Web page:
New Orleans Set to Remove Confederate Monuments

 In Domestic, History

Like taking a scrub brush to history, New Orleans City Council voted to take down 4 Confederate Monuments that have stood for years. The move has divided a city that has historic roots  to the Civil War and beyond. Private money will be used to remove the monuments, which are estimated to cost $170,000.

The City Council voted to remove the four monuments with only one dissenting vote. Mayor Mitch Landrieu signed the bill into law.  But they are facing a lawsuit filed Thursday from groups seeking to stop the city from removing them.

 new orleans set

Four Confederate Statues are set for removal in New Orleans

The Right to Free Speech…

“Plaintiffs have a First Amendment right to free expression, free speech and free
association, which they exercise by maintaining and preserving the historic character and nature of the City of New Orleans, including their monuments, and by using the monuments as the location for events commemorating individuals and events critical to the outcome of the Civil War.” From the lawsuit

The lawsuit is not just about free speech, however. The plaintiffs are alleging partial ownership of one of the monuments, as well as moving historic landmarks, and other issues. For them, the history is not about the evil Jim Crow laws, or white supremacy, it is about Southern veterans heritage in the Civil war. Not all of those soldiers were white.

The Plaintiffs are:  Monumental Task Committee, Louisiana Landmarks Society, the Foundation for Historical Louisiana and the Beauregard Camp No. 130, a local chapter of the Sons of Confederate Veterans. One article stated that the city has promised not to remove the monuments until the next court hearing on January 14. Other stated they were removing that as soon as possible.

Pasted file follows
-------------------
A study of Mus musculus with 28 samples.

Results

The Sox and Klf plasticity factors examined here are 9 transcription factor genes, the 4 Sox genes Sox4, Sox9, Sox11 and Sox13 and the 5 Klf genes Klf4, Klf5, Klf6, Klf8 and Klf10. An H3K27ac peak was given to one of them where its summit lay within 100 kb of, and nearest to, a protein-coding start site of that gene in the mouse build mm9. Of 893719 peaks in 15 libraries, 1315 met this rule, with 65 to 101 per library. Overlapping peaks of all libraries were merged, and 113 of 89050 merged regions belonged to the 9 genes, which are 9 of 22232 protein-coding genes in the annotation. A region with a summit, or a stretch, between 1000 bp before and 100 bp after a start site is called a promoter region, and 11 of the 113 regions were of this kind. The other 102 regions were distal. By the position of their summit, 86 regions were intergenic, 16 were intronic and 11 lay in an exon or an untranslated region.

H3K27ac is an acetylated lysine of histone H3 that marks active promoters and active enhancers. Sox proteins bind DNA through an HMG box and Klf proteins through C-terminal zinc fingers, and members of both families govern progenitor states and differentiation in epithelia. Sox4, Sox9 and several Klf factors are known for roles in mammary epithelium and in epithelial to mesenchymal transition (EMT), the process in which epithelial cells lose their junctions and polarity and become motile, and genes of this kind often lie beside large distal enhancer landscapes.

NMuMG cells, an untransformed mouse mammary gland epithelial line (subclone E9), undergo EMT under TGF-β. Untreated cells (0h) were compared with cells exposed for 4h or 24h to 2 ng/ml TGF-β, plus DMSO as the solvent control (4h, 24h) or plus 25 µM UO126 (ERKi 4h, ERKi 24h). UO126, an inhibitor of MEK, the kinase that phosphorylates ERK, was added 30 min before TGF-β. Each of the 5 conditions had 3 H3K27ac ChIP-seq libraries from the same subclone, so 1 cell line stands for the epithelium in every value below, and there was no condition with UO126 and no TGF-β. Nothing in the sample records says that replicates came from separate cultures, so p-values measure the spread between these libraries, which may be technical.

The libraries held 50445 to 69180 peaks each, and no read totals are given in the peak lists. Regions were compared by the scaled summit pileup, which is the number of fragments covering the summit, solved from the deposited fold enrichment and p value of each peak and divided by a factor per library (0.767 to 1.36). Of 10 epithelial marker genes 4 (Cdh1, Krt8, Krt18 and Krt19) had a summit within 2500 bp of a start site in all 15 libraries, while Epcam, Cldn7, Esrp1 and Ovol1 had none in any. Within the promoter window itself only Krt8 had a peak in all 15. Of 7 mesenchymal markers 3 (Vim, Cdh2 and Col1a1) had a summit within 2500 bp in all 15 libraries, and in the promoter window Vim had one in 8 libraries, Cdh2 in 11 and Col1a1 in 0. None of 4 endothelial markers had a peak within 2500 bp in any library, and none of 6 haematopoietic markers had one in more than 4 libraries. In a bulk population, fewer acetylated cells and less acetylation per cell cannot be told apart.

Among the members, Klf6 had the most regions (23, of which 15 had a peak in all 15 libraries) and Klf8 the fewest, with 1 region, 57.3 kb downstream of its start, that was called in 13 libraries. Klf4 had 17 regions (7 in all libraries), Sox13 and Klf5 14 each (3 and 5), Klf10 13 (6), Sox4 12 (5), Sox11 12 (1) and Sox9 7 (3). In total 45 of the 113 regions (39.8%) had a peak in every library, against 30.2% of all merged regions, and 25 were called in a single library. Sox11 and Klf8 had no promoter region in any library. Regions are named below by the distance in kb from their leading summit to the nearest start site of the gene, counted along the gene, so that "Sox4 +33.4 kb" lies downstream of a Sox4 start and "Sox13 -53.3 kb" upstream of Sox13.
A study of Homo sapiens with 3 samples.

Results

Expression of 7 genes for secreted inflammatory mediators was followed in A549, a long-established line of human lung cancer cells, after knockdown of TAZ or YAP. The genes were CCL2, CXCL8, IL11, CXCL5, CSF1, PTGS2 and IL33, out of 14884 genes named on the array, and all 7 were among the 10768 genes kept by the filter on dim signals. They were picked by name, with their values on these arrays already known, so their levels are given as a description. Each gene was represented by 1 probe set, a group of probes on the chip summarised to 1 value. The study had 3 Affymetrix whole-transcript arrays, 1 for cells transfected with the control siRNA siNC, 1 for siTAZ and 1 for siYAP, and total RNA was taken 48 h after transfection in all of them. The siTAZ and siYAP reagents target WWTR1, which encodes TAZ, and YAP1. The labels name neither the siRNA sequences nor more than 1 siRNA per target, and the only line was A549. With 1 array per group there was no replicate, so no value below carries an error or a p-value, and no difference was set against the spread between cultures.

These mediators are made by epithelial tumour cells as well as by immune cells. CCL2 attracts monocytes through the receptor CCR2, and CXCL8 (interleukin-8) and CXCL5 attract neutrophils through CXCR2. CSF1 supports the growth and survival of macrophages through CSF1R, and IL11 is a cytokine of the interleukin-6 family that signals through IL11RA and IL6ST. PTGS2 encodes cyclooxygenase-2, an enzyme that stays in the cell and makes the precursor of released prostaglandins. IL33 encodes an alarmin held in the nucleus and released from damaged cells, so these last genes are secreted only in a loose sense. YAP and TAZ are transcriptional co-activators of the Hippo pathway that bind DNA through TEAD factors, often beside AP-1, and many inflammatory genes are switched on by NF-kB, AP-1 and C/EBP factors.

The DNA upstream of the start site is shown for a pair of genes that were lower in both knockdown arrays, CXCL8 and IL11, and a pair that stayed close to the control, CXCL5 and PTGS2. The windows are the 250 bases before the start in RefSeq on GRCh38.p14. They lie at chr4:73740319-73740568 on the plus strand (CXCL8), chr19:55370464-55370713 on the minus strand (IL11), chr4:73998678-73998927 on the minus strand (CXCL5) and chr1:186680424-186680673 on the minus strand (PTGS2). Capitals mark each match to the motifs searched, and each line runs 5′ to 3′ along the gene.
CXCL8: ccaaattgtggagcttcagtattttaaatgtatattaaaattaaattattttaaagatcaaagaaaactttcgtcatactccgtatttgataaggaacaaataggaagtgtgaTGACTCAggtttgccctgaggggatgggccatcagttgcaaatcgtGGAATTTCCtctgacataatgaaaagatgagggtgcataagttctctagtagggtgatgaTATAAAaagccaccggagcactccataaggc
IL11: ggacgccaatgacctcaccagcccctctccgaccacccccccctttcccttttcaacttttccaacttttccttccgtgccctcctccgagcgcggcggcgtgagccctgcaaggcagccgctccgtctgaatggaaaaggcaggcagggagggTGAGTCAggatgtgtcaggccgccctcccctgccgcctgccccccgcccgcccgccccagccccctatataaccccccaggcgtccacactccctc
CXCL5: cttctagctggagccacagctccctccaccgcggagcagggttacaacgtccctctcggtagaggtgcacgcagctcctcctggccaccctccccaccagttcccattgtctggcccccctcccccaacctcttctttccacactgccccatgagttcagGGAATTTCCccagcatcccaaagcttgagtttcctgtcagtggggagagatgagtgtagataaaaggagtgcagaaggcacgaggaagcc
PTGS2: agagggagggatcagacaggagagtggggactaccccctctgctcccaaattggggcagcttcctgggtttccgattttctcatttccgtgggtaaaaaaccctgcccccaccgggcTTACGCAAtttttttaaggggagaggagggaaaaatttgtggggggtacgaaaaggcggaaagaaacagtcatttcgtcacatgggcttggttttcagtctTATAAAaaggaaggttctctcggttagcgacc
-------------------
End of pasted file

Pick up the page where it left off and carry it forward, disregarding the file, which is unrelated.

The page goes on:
The four monuments are: Gens. Robert E. Lee and P.G.T. Beauregard, Confederate States of America President Jefferson Davis, as well as the city’s Battle of Liberty Place obelisk (which memorializes a failed revolt by the Crescent City White League against the Reconstruction state government). Some of the monuments have been in place since 1884.

The obelisk is the most controversial of them all.

The most controversial is an 1891 obelisk honoring the Crescent City White League. An inscription added in 1932 said the Yankees withdrew federal troops and “recognized white supremacy in the South” after the group challenged Louisiana’s biracial government after the Civil War. In 1993, these words were covered by a granite slab with a new inscription, saying the obelisk honors “Americans on both sides” who died and that the conflict “should teach us lessons for the future.” GOPUSA

It should teach us lessons for the future, but it hasn’t.

The wrong way to delete the past

The whole issue came up after the shooting at a Charleston, S.C. church. But the best way to remove the past isn’t by removing the memory of it. The best way is by learning the lessons from it.

Removing the memory of the past will cause it to be repeated. The lone vote against removal of the monuments, Stacy Head, made this statement.

“Those who oppose the removal of the monuments have feelings too. We know exactly what’s going to happen today. This will not bring healing, only division.”